Thinking outside the box on changes to drug legislation

Submitted by on 16 Nov 2010 – 10:52

By Baroness Tonge

Baroness Jenny Tonge. Photo: Annie Mole.

About ten years ago I visited Colombia with two other MPs under the auspices of Christian Aid. The object of the visit was to see some of the problems faced by the poorest farmers in Colombia, in their battles with groups linked to the drug cartels in South America.  And we saw problems all right.

We travelled up river from Turbo on the Caribbean coast and after hours of pushing and pulling the boat along the silted up river, we arrived at a village where Peace Brigades International had re-established people, who had been living in slums outside Turbo. A deal had been done with the ELN (National Liberation Army, similar to the FARC) to allow them to be subsistence farmers, in return for having no arms and not interfering with the activities of the drug barons.

Unfortunately for the village, a week before we arrived, one of the village men had been accused of carrying arms and had been tortured for a week in front of the villagers and then the children had been forced to play a football match with his severed head. All pretty common stuff in Colombia at that time.

Coca production in Colombia creates such horrors and our smart young things in the city enjoy their snorts of cocaine in the lunch hour. I have often wished those same young things could have been forced to live in the villages of Colombia and see how their ‘pleasure’ was produced.

Colombia is ‘better’ now. The USA and EU have helped Colombia to try to eradicate the coca crop and FARC/ELN, but the problem has just shifted. Now Mexico is the misery centre of the drugs trade in South America. Similar happenings occur in the opium growing regions of the world, (Afghanistan is one) and we in the West go on creating the demand in illegal drugs.

World wide the illegal drugs trade is around $315 billion per annum—1% of world GDP, the same amount roughly as the trade generated by the top 100 arms producing countries of the world. It is all illegal and nobody collects any taxes. The tax is human misery.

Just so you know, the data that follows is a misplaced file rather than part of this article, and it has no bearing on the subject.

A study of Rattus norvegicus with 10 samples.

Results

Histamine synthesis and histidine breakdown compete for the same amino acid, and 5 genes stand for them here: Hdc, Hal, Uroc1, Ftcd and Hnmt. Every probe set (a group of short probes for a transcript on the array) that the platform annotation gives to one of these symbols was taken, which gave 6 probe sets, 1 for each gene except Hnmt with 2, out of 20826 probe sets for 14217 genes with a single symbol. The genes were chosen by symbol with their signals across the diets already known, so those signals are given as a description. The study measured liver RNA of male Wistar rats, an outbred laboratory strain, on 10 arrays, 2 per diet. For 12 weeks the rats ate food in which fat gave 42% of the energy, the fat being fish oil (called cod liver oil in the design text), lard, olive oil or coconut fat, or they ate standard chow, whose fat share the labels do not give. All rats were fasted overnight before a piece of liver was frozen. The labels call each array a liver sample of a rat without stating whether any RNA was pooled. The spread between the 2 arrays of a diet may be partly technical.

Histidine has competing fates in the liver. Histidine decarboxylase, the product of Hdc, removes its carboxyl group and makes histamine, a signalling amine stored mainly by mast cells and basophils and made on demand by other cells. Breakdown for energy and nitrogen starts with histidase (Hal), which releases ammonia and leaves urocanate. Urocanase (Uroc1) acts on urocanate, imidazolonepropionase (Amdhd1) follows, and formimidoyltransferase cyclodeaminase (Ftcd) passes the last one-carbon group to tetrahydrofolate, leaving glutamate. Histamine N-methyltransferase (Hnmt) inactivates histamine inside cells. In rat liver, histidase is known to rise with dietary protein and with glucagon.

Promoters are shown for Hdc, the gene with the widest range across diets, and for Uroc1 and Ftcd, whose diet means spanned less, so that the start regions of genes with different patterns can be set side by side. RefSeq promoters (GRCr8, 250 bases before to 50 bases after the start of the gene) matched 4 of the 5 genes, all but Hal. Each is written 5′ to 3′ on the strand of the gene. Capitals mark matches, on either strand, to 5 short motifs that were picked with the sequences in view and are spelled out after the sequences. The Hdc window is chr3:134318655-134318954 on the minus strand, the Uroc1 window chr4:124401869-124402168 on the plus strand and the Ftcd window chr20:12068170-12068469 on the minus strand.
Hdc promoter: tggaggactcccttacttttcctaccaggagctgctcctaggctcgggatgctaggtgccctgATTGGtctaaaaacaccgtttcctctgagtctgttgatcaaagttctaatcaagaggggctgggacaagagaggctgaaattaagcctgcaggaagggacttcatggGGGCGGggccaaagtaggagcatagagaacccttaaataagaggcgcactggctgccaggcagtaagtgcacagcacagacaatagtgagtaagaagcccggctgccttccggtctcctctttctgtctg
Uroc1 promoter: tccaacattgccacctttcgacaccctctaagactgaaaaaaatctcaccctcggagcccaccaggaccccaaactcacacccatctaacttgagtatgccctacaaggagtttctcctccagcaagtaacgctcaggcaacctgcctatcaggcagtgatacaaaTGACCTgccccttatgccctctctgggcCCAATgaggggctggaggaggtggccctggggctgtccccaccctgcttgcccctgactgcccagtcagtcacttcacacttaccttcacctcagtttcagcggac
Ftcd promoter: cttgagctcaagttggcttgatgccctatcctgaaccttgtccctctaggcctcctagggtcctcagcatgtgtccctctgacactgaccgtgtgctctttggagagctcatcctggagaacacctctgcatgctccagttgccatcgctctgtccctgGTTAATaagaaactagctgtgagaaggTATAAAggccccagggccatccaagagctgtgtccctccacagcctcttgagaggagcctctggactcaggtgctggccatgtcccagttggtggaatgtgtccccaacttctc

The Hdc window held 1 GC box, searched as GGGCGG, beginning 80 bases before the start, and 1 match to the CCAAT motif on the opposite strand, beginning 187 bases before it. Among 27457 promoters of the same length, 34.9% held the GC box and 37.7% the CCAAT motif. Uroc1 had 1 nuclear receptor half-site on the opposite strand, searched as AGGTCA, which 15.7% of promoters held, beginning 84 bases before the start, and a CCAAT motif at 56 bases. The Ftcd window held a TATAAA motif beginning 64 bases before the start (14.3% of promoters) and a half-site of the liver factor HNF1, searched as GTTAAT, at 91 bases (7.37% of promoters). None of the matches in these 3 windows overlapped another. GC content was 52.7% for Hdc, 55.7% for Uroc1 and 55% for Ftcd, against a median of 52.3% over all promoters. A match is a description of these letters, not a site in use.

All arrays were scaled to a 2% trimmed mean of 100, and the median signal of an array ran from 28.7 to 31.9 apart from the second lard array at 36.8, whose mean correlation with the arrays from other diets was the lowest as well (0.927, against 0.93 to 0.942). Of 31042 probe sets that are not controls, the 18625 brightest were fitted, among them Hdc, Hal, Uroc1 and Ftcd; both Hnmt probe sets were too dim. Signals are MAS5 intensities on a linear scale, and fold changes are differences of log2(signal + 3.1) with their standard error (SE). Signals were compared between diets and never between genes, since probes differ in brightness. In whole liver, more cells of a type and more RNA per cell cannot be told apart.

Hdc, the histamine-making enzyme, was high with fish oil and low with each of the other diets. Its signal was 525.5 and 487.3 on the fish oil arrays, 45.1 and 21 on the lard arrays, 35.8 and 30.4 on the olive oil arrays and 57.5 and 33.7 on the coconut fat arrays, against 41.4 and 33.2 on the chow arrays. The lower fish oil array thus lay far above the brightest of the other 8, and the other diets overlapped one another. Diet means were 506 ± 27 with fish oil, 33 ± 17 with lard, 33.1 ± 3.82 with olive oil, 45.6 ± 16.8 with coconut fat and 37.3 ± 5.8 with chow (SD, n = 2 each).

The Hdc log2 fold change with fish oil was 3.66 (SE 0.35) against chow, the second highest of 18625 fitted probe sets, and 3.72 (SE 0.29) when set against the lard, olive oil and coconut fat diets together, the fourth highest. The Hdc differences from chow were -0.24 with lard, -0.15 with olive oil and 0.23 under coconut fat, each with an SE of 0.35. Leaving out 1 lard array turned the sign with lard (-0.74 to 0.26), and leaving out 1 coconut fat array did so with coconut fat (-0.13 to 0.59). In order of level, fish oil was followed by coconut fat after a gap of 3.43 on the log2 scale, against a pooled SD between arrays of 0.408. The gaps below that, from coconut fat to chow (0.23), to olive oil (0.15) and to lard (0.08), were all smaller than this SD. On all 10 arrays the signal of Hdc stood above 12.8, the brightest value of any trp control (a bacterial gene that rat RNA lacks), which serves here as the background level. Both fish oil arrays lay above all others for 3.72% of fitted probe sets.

The human misery in this country costs around £16 billion per annum, in crime, police activity, and treating addicts. It is a wicked waste of resources and destroys whole neighbourhoods up and down the UK. Prohibition is the cause of the problem, not addiction.

Now someone as wise as Sir Ian Gilmore, outgoing President of the Royal College of Physicians, has repeated what many of us have been saying for ages. Drug addiction, particularly heroin addiction is an illness and should be treated as such. Alcoholism, likewise, is an illness and is treated as such, so is tobacco addiction. All drugs should be treated in the same way; or at the very least we should set up a Commission to look honestly at all options, for ALL drugs including alcohol and tobacco.

The LibDems have been calling for such a commission for several years.

The Coalition Government is doing all sorts of things which were not in either party’s manifesto so why not this one? It could transform our country, save huge amounts of money and set an example to the rest of the world.

I was never involved in hard drugs at university. I have never even smoked a joint! Alcohol and tobacco were our poison, and some fellow students became addicts of one or the other or both. We saw heroin addicts as patients, on occasion. We now have leaders who are of the drug generation and probably see them in a totally different way.

Will they be brave enough to tackle this one by thinking outside the box for once? I doubt it.